In the last post, Sara Hall laid out a critique of FORGE’s fundraising strategy. Sara first reached out to me confidentially, but quickly was willing to go public (and Kjerstin was quick, as always, to give her support to the critique being published).
Sara made three core points 1) Transparency should not be a higher objective than the quality of a nonprofit’s operations 2) FORGE’s board has failed to support the social media fundraising strategy though their own donations and 3) The online community owes it to FORGE to evaluate the social media fundraising site and either make a donation or give FORGE feedback as to why they are not donating.
Point one I agree with and addressed in a prior post. Short summary: I think transparency SHOULD be celebrated for its own merits becasue it is so rare, but it is only a precondition for donors to effectively evaluate nonprofits, not a sufficient condition to engage their support.
Regarding point two, it blows me away when nonprofits do not have 100% of their board financially supporting them. In a world with limited transparency, it must be assumed that the board has the best view of what is going on within a nonprofit. If they are not providing financial support, as a donor I am uninterested in providing my financial support. It may be that FORGE’s board all made direct gifts instead of supporting projects (It appears from FORGE’s website that the project budgets do not include FORGE’s operational costs, so somebody needs to fund FORGE’s costs and the board would be a natural supporter of these costs). However, at least from a public perception standpoint, I agree that board members should have funded the projects to some degree.
Sara’s third point brings up the question of donating to FORGE. Should the Tactical Philanthropy Community be financial supporting FORGE now? That’s a decision for each person to make, but I will say that I have not yet personally made a gift to FORGE. Remember, FORGE is telling us that they are in trouble. Supporting FORGE if they are eventually unsuccessful in closing their budget or raising the funds needed to retrofit their fundraising strategy would seem to be a waste. However, the Tactical Philanthropy Community has mobilize a number of resources for FORGE’s benefit. Personally, I’d like to see Curtis’s report to FORGE before making a final decision to support the organization financially. In addition, assuming that a viable strategy is identified, I think that the most useful way to support FORGE will likely be to participate in some sort of organized fundraising campaign in which the support of the online community can mobilize additional resources and hopefully trigger support from institutional foundations.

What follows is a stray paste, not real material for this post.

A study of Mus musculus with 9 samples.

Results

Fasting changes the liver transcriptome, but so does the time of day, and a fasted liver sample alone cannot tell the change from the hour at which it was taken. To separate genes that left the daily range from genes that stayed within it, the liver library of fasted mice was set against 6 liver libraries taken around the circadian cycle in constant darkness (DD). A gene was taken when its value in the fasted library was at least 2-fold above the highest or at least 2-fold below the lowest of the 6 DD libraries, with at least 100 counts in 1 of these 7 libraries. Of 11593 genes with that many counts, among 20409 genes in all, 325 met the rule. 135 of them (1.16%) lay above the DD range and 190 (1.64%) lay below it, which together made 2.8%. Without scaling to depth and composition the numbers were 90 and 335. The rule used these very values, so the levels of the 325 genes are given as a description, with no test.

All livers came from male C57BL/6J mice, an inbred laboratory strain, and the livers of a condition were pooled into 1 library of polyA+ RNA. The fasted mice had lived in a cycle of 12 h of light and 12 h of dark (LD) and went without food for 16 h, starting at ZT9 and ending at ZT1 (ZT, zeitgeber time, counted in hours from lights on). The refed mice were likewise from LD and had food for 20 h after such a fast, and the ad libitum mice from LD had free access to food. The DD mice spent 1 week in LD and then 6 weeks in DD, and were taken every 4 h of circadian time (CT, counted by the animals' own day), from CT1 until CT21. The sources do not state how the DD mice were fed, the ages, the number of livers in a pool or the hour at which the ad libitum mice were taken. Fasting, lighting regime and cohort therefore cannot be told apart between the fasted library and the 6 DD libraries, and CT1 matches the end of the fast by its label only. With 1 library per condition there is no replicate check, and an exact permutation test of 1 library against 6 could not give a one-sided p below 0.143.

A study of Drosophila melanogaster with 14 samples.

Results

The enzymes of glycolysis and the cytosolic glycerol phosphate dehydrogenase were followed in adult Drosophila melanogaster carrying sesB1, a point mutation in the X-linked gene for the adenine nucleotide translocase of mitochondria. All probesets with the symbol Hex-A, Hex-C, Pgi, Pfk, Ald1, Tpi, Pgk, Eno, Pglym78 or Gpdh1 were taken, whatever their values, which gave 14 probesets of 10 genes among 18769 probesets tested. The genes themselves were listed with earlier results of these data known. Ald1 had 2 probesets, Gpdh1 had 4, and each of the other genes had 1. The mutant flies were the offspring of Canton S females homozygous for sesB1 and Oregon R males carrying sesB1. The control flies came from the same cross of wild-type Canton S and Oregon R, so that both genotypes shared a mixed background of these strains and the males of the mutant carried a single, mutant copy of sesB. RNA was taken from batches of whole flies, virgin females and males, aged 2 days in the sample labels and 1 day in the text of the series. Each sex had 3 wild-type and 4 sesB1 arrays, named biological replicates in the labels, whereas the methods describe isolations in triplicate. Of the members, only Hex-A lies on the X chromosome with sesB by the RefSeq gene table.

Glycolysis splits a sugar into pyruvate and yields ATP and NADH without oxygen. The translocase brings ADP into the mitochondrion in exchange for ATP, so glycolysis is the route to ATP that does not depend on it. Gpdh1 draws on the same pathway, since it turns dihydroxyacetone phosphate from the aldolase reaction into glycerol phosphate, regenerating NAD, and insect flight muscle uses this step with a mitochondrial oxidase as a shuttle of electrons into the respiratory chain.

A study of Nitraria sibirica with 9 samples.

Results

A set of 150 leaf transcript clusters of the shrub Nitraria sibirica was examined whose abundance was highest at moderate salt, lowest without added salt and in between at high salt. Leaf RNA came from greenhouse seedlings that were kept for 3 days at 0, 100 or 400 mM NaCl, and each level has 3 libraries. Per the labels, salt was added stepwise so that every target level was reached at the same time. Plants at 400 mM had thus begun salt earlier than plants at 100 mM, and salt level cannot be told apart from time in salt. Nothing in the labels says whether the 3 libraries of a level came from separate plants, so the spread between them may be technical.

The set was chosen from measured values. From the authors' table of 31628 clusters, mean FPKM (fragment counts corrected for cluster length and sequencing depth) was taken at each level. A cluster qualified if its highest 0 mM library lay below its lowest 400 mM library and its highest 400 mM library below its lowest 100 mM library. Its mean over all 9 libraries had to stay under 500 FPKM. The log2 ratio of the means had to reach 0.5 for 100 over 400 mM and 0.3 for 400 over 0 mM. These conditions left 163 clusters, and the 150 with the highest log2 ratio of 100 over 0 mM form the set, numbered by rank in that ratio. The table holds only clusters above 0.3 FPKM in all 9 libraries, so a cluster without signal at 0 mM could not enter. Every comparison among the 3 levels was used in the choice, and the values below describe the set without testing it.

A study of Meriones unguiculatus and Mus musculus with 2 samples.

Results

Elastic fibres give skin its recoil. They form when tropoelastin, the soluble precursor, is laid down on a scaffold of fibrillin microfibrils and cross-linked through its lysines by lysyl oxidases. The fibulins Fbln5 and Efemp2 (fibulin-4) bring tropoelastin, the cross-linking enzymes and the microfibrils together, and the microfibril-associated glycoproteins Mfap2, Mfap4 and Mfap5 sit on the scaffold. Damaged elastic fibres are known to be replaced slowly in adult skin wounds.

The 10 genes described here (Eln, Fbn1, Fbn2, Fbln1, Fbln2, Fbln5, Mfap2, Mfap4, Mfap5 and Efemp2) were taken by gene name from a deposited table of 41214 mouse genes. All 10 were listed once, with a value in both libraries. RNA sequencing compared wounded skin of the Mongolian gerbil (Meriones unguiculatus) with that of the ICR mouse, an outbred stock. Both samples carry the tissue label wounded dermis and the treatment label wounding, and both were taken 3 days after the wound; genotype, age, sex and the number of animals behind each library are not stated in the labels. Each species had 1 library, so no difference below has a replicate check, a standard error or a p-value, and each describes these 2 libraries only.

So I’d like to tie together Sara’s first and third point. Transparency IS something that should be celebrated for its own merits. But it is NOT enough to merit financial support of an organization. However, transparency can generate conviction from donors that an organization has a viable strategy for success and this merits donations. Therefore I do not see any disconnect between the online community celebrating FORGE’s transparency, but (for the time being) watching the “reality TV” unfold from the sidelines. However, if at the end of this saga, FORGE proves themselves worthy of our financial support I hope and expect that the online community will put their cash to work.